Monday, December 13, 2010


The holiday season always brings to mind my Grammie Conn’s Molasses Cookies.  She made them all year long and always had some stored in a tin, high on the shelf in the pantry.  A trip to Grammie’s house was fun for so many reasons, but there was nothing more exciting thsn being given the privilege of carrying the kitchen stool to the back of the pantry, reaching high on the shelf, and  lifting down the tin, knowing a cold glass of milk would be waiting on the kitchen table to wash those delicious cookies down with. I would happily help Grammie with all kinds of chores if I was going to be rewarded with molasses cookies and milk.
These cookies smell and taste like thick ginger snaps with that destinctive dark molasses undertone. It takes two days to complete the process because of resting time in the refrigerator for the dough but you can mix the batter one evening after work, and bake them the next. Though cookies are delicious any time of year, the holiday season can't help but encompasses tradition and memories of childhood and family. That is what this recipe represents to me - preserving memories of time spent with my grandparents on Malletts Lane.
I hope you will enjoy these cookies as much as I do. Happy Holidays!



2 cups Flour

2 tsp. Baking Soda

1 tsp. Salt

1 tsp. Cloves

1 tsp. Cinnamon

1 tsp. Ginger

1 Egg, beaten

1/4 cup Sweet Butter

1 cup Sugar

1/3 cup Molasses


Cream together butter and sugar. Add beaten egg and molasses. Mix well. Add dry ingredients and mix. Chill in refrigerator overnight. The mixture may seem a bit crumbly, but that’s all right. Hand roll chilled dough into walnut sized balls. Roll in sugar (optional, but delicious.) Place on cookie sheet and flatten slightly with spatula. Bake at 350 degrees for ten minutes. Let cool on cookie racks before packing into your special tin.

These cookies are crunchy on the outside, soft and chewy on the inside; best served simply with a tall, cold glass of fresh milk.

Tuesday, December 7, 2010


 [KEHR-ah-meh-lyz, KAR-ah-meh-lyz] 

To heat sugar until it liquefies and becomes a clear syrup ranging in color from golden to dark brown (from 320° to 350°F on a candy thermometer).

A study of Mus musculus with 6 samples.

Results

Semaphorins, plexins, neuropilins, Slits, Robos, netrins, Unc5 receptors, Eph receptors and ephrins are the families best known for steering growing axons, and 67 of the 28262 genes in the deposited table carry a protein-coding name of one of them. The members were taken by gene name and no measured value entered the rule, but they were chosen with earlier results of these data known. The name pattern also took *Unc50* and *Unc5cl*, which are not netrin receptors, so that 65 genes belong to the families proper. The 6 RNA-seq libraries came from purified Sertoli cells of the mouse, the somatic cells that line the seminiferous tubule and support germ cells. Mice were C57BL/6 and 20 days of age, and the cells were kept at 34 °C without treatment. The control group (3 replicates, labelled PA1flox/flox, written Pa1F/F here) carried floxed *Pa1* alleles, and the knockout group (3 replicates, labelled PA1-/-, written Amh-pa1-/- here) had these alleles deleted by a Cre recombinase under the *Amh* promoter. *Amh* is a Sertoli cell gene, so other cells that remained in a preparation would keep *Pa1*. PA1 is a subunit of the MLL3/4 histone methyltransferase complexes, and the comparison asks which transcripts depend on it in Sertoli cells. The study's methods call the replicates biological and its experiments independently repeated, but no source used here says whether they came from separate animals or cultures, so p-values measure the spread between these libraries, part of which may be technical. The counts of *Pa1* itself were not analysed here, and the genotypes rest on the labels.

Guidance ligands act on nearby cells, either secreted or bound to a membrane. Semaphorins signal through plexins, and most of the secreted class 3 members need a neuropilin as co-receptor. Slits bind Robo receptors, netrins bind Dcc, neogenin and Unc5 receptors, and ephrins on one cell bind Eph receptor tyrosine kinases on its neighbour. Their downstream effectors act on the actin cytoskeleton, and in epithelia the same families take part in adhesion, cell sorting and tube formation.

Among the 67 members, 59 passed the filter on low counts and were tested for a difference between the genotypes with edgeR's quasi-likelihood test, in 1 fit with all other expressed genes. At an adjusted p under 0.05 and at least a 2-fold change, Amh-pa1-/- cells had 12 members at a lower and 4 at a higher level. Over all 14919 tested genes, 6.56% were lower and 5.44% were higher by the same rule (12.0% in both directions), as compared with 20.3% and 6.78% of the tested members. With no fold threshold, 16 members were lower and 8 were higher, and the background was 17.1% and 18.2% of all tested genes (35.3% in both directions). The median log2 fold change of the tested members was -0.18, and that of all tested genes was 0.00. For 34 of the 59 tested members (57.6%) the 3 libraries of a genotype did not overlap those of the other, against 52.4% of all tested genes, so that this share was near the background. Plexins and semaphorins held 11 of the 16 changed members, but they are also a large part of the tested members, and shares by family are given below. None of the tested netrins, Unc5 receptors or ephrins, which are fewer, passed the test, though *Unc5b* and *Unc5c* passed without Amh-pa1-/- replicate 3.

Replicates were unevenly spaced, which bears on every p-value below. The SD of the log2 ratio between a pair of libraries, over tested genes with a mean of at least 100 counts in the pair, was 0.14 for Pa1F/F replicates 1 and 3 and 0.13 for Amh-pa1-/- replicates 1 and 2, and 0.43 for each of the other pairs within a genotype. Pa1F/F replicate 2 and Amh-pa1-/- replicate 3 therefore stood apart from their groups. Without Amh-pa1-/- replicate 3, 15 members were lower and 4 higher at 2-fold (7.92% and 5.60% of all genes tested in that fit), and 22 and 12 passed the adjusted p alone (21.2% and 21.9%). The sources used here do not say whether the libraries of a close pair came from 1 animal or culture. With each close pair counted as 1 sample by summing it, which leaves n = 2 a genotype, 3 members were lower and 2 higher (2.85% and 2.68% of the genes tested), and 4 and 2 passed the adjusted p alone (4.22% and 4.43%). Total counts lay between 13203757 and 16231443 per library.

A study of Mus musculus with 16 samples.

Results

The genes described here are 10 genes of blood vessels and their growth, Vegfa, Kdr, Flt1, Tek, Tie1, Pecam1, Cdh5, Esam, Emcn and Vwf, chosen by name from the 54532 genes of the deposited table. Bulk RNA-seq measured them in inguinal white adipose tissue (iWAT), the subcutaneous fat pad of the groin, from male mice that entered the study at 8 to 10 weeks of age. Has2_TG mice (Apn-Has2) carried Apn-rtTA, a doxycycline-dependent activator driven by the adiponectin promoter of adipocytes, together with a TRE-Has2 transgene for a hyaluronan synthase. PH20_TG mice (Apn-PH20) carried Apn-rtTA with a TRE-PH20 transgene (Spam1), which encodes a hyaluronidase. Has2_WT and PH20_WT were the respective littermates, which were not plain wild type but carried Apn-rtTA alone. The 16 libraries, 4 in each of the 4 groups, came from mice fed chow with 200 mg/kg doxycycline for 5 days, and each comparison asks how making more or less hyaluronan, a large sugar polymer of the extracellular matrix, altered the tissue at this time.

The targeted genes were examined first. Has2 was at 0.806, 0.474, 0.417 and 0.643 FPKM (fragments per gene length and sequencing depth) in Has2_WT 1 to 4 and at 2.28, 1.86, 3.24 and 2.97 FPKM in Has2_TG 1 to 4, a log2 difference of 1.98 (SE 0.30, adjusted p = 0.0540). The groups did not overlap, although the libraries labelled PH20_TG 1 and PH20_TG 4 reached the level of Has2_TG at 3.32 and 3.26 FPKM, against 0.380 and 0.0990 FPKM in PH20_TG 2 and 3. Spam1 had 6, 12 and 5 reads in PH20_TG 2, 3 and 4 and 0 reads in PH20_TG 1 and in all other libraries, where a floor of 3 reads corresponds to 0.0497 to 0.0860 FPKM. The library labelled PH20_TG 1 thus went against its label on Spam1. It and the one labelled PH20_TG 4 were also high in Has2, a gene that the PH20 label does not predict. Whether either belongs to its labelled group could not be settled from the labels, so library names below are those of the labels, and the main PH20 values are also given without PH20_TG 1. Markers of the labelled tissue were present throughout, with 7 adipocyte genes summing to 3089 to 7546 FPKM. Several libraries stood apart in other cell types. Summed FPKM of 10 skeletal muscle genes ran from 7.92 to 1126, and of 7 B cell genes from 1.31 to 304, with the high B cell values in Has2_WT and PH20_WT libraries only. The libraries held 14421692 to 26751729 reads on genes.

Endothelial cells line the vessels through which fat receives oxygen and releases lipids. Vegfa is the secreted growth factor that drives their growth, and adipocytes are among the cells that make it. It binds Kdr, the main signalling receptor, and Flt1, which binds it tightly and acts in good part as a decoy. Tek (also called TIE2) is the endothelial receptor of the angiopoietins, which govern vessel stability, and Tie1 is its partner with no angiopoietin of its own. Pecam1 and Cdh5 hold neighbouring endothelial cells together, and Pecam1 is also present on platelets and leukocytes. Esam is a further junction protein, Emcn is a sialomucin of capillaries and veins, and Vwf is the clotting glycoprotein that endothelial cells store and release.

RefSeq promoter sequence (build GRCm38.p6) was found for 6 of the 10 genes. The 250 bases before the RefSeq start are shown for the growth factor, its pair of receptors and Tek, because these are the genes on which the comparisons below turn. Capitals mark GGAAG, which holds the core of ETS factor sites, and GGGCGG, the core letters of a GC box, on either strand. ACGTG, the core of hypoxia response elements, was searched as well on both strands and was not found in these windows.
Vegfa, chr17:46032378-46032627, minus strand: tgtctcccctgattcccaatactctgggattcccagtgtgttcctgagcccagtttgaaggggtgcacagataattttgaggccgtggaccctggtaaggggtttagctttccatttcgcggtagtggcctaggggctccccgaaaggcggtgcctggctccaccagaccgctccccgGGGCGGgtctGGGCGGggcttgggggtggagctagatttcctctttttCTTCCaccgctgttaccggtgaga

In the proportion of two parts sugar to one part water, melt sugar over low heat, stirring constantly with a wooden spoon until the sugar turns liquid and browns to the degree desired.

Granulated or brown sugar can also be sprinkled on top of food and placed under a heat source, such as a broiler, or cooked on the stovetop, until the sugar melts and caramelizes. 



One of my grandmother’s most reliable mantras was, “Simple is elegant.”  That little platitude has served me well over the years; when I get too muddled over anything I always revert to keeping it simple.

Such is the case for my Red Onion Relish. Unlike many relishes, which have an abundance of ingredients and a complex flavor, this caramelized onion recipe is simply composed creating an intense, uncomplicated flavor. This onion condiment enhances everything from burgers, beef or chicken, to grilled vegetables or a sandwich.

The following recipe is for a small batch that can be stored in the refrigerator for up to a month. You can double or triple the batch and process in a hot water bath for storage on the pantry shelf or gift giving. Some people prefer red wine vinegar in place of balsamic, so I recommend making two small batches first, to discover which one you prefer and so you can  practice  caramelizing the onions.


1/4 cup firmly packed Brown Sugar

1 cup dry Red Wine

5 tbsp Balsamic Vinegar (or ¼ cup Red Wine Vinegar)

1/8 tsp each Salt and White Pepper


Slice onions as thinly as possible. I use my Cuisinart for this step. Combine onions and sugar in a heavy non-stick skillet. Cook, uncovered, over medium-high heat for about 25 minutes or until onions turn golden and start to caramelize, stirring frequently.

Stir in wine and vinegar. Bring to a boil over high heat, reduce heat to low and cook for about 15 minutes or until most of the liquid has evaporated, stirring frequently. Season to taste with salt and white pepper.

Remove jars from canner and ladle relish into jars to within 1/2 inch of the rim. Process in hot water bath for 10 minutes for half-pint jars. Otherwise ladle into small container that can be tightly capped and store up to one month in the refrigerator.